Writers (and creative people of all kinds) face a lot of obstacles along the road to pursuing their dreams. These hurdles come in all shapes and sizes — from big and ugly to little and annoying.
But there’s one thing I can say with certainty about these creative roadblocks:
Almost all of them are self-imposed!
Yep. No matter how much you want to blame something “out there” for your troubles, with rare exception, the obstacles you face are self-made. They are sad stories you tell yourself about the world that you fervently treat as the Gospel truth.
And these epic tales are blurring your vision and keeping you from making progress with your writing, music, art, etc.
Here’s a perennial classic:
“I don’t have time to devote to my craft!”
Really? You don’t have time?
Did you get shortchanged when the Laws of Physics gods were doling out 24-hour days?
“Hey, I only got a 17-hour day! What gives?”
Here’s the thing about time …
It’s the true equalizer. It’s one of the only things that is evenly distributed among all human beings.
You can make a rational argument that some people have more money, better looks, a fatter Rolodex, nicer cars, and so on.
But everyone gets the exact same amount of time to work with.
I know, you have to work or you have kids or you take care of aging parents. Yes, there are life obligations that appear to suck up most of our time and keep us from doing the things we truly love.
But is that really an accurate assessment of your situation?
A personal story
In the early years of building my reputation and body of work as an author, I had a lot of constraints.
I worked a full-time job, my daughter was a toddler, and I was recovering from a divorce. I also played in a band and acted in a couple of plays every year.
I could have easily told myself I didn’t have the time to devote to writing books and marketing my work on this new thing called the Internet.
But I resisted that seductive story and, instead, carved out time here and there when I could.
Even if I had only a few minutes to spare, I would make time to tweak a book outline, flesh out an article, or interact in an online forum.
I chipped away at the things that needed to be done, while also handling all of my other responsibilities the best I could.
Was it easy? No. Did I whine and complain? Sometimes. Was it worth it? Absolutely!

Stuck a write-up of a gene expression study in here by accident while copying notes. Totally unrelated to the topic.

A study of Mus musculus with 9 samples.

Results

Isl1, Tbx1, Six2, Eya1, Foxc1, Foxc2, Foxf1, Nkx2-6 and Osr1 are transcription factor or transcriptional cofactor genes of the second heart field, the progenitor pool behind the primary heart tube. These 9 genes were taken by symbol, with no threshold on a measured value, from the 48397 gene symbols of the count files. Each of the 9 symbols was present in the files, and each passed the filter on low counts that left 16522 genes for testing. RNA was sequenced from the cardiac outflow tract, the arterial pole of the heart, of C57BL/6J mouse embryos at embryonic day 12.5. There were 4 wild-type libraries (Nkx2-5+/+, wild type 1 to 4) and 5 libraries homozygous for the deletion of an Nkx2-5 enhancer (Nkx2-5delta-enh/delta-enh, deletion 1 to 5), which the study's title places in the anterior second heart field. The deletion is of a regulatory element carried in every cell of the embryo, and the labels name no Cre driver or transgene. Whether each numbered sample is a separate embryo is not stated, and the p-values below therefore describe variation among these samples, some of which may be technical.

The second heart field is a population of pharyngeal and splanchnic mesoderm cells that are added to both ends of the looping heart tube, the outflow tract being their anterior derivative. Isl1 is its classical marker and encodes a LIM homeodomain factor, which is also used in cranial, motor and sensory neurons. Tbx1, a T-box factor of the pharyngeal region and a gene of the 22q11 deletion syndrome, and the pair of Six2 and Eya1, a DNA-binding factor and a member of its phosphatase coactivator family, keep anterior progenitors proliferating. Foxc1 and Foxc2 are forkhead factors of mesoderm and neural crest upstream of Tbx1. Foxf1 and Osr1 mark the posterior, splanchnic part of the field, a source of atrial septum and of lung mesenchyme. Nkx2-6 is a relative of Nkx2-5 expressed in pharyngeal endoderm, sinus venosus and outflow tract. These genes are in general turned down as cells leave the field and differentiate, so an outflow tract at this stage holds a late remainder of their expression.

One thing I have never uttered to myself is, “I wish I had started doing this creative stuff later.”
No one who puts in the effort to do something worthy regrets it. And you won’t either.
The truth is, you’ll never have “more time”!
Something will always come along to fill the void. So stop deluding yourself that now is not a good time to devote to your art, writing, music, or other passion-fueled idea.
You can decide right now that your creativity is important, and that you’ll find the time to invest in it.
You may be thinking, “This guy just doesn’t know my schedule and list of obligations.”
The truth is, I do. I juggle a ton of stuff in my own life. And at times it can seem overwhelming. I’m not denying that.
I’m also not suggesting you should pack every waking minute with activity. You also need to carve out time for rest and self care. As always, your goal should be equilibrium and balance.
But, if you accept your role as an Empowered Artist, you’ll also make time for your art. Even if you only have ten minutes some days to devote to it, you’ll make it a priority!
One thing you could do is commit to a short-term burst of activity, like I did with my 30-Day Blog Writing Challenge.
Is 30 days too much? Then commit to 21 days, or 14 days, or even seven! Could you devote a little chunk of time to your art every day for just one week?
Of course, you could! Commit to doing that now!
Also, reading this short article might help too:
I’d love your thoughts on this!
Do you make regular time for your music, art, writing, etc? How do you overcome the “I don’t have time” excuse?
Please leave a comment, give this article a clap or five :) and share it with someone who would benefit from reading it.
This is Day 16 of my 30-Day Blog Writing Challenge.
Bob Baker helps musicians, authors, artists, and creative entrepreneurs use their talents and know-how to make a living and make a difference in the world!